What’s So Funny?

How to Lighten Up Your Story and Get Readers to Laugh

by Margaret Brownley

A reader recently wrote to tell me that her husband lost his job, her father took ill and the washing machine broke down-all in a single week. That’s enough to make anyone want to cry, but instead she wrote, “In spite of everything that happened, your book made me laugh.”

Reading is all about connecting with characters. We especially like characters who make us laugh-especially during these hard times. Hook your readers with humor and they will follow you to the moon—or at least to the end of the book.

Writing humor isn’t easy and is even harder to explain, but here are some pointers to get you started:

Comedy Springs from Character

A humorous character must have both flaws and great passion. In Dawn Comes Early Cactus Joe is the bad guy who gets no respect and that’s what he wants more than anything in the world: “The way this town treats its criminals it don’t deserve none,” he laments and we can’t help but smile.

Aunt Bessie’s great passion is matchmaking and her flaw is not owning up to her mistakes: “I’ve matched up twenty-three couples over the years and in all that time I only made one error. Although I still think the marriage would have worked had she not shot her husband.”

A funny character never sees himself as he really is. Inspector Clouseau in The Pink Panther thinks he is the best detective in the world, but in reality he’s totally incompetent.The disparity between perception and reality allows for much humor.

Remember the Rule of K

A pickle is funny; an olive is not. Kerplunk is funnier than thud; bucket funnier than pail. Woody Allen knew the K was funny when he described the spider in Annie Hall as larger than a Buick. Hard C sounds are funny too.

The first thing I do when planning a book is think up names with K. Some of my character names include Ruckus, Lucy Fairbanks and Miss Quakenbush. In Dawn Comes Early you’ll meet my protagonists Kate and Luke.

What’s Funny about Christian Fiction?

God has a great sense of humor otherwise he wouldn’t have created the platypus and aardvark or even the plague of frogs. The Bible is proof that you can write serious themes with humor. It’s chock full of funny imagery, play on words and humorous situations. Even Sarah herself had to laugh at the thought of having a baby at age ninety.

The Bible also tells us to make a joyful sound until the Lord but you wouldn’t know it by reading some Christian books. And have you ever noticed how so many characters sound alike when they pray?

In Dawn Comes Early the ranch is in desperate need of rain. Now there’s a serious way to convey that or a humorous way. This is how my ranch hand prays: “God, the father, thank you for your many blessings and don’t’ forgit to send rain. And if you ain’t sending rain to us, don’t go sendin’ it to no other ranchers, neither.”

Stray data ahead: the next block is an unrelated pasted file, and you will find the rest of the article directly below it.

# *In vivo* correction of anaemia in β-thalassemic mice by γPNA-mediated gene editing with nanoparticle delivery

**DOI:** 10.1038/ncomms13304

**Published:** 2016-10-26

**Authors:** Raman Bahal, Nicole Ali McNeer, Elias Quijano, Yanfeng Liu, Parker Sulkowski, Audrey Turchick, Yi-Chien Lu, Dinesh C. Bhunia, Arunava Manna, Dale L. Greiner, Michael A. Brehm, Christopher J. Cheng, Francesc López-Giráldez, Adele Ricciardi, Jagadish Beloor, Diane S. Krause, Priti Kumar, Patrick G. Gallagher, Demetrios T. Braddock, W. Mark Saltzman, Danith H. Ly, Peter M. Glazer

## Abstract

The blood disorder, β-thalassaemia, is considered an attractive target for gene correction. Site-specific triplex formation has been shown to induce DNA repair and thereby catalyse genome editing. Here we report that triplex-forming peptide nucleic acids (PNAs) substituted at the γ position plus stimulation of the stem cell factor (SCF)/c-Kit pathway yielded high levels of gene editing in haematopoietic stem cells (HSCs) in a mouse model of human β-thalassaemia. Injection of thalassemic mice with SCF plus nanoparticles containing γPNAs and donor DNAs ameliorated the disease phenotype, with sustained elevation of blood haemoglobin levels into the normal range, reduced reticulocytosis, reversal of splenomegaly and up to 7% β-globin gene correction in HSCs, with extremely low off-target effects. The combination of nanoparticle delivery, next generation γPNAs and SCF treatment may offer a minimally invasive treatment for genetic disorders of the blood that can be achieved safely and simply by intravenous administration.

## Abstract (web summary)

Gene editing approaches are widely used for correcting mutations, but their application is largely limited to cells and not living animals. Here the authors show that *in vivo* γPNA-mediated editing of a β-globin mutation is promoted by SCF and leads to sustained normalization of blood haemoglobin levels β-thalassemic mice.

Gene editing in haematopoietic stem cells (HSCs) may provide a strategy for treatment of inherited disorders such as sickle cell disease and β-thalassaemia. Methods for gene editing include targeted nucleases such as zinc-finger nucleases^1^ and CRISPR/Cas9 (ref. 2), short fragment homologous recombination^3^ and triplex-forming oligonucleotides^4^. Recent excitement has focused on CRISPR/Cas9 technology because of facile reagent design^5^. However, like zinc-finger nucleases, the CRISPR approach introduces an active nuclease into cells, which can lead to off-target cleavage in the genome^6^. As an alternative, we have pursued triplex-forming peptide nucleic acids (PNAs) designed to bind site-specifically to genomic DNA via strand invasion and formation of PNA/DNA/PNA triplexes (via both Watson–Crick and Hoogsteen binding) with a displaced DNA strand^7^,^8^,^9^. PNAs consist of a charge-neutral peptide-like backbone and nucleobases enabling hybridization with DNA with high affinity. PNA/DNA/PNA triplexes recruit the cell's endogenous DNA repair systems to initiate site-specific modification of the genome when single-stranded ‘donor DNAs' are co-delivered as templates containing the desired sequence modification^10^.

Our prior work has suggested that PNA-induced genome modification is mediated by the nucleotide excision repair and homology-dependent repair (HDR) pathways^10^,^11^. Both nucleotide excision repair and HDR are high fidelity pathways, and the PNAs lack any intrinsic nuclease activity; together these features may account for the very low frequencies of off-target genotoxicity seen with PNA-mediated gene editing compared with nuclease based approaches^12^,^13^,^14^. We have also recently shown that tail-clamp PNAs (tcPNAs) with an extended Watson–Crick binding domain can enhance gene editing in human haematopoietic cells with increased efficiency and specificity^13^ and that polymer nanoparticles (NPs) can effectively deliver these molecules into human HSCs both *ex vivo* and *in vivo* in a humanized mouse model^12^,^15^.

In A Lady Like Sarah, my recently converted heroine prays with a noose around her neck. “God, I plumb hope you know what you’re doin.'”

Pray through character and you pray though humanity.

Humanity Counts

Humanity is that quality that makes readers care. We identified with Charlie Brown’s trusting nature and vulnerability and that’s what makes us care. We loved Lucy’s impulsiveness even though it got her in hot water. We were repulsed by Hannibal Lecter’s bad eating habits, but were drawn to his wit, charm and loyalty.

Look for the Comic Perspective

We each have a unique way of looking at the world. A family member will go to great lengths just to save a dime. A quilter friend sees shapes and patterns everywhere, and is biologically unable to pass a fabric shop without stopping. My motto is watch out; everything you say or do could end up in my book. Can you just imagine what TV comedy writers could do with these perspectives?

Last but not least, the best way to start thinking funny is to people watch. Not only will this inspire humorous thoughts, it will also give you a good chuckle.

About Margaret Brownley:

Thrills, mystery, suspense, romance: Margaret penned it all. Nothing wrong with this-except Margaret happened to be writing for the church newsletter. After making the church picnic read like a Grisham novel, her former pastor took her aside and said, “Maybe God’s calling you to write fiction.”

So that’s what Margaret did. She’s now a New York Times bestselling author and a Romance Writers of America RITA finalist with more than 25 novels to her credit

In addition to her new book “Dawn Comes Early,” Margaret is excited to announce that her non-fiction book “Grieving God’s Way: The Path to Hope and Healing” will be published in July-not bad for someone who flunked 8th grade English. Just don’t ask her to diagram a sentence.

Comments 0

  1. Thanks for this great post, Margaret. Your books are chock full of chuckles just waitin’ to happen. I’m delighted to learn some lessons in how to make readers laugh from one who makes writing humor appear effortless. I’m one writer who really looks up to you, so much so I’m liable to get a crick in my neck. =)

  2. I find there is much in life to chuckle, and outright laugh, about, including my own foibles.
    My husband recently commented that he thought we were growing closer together and said, “I’ve noticed I’m finding your humnor funny these days.” That’s good, I was getting tired of laughing all by myself. I think God’s greatest proof of humor are humans.

    Thanks for writing humor. I’ve noticed people will often accept God’s truth through humor while rebuffing a straightforward approach.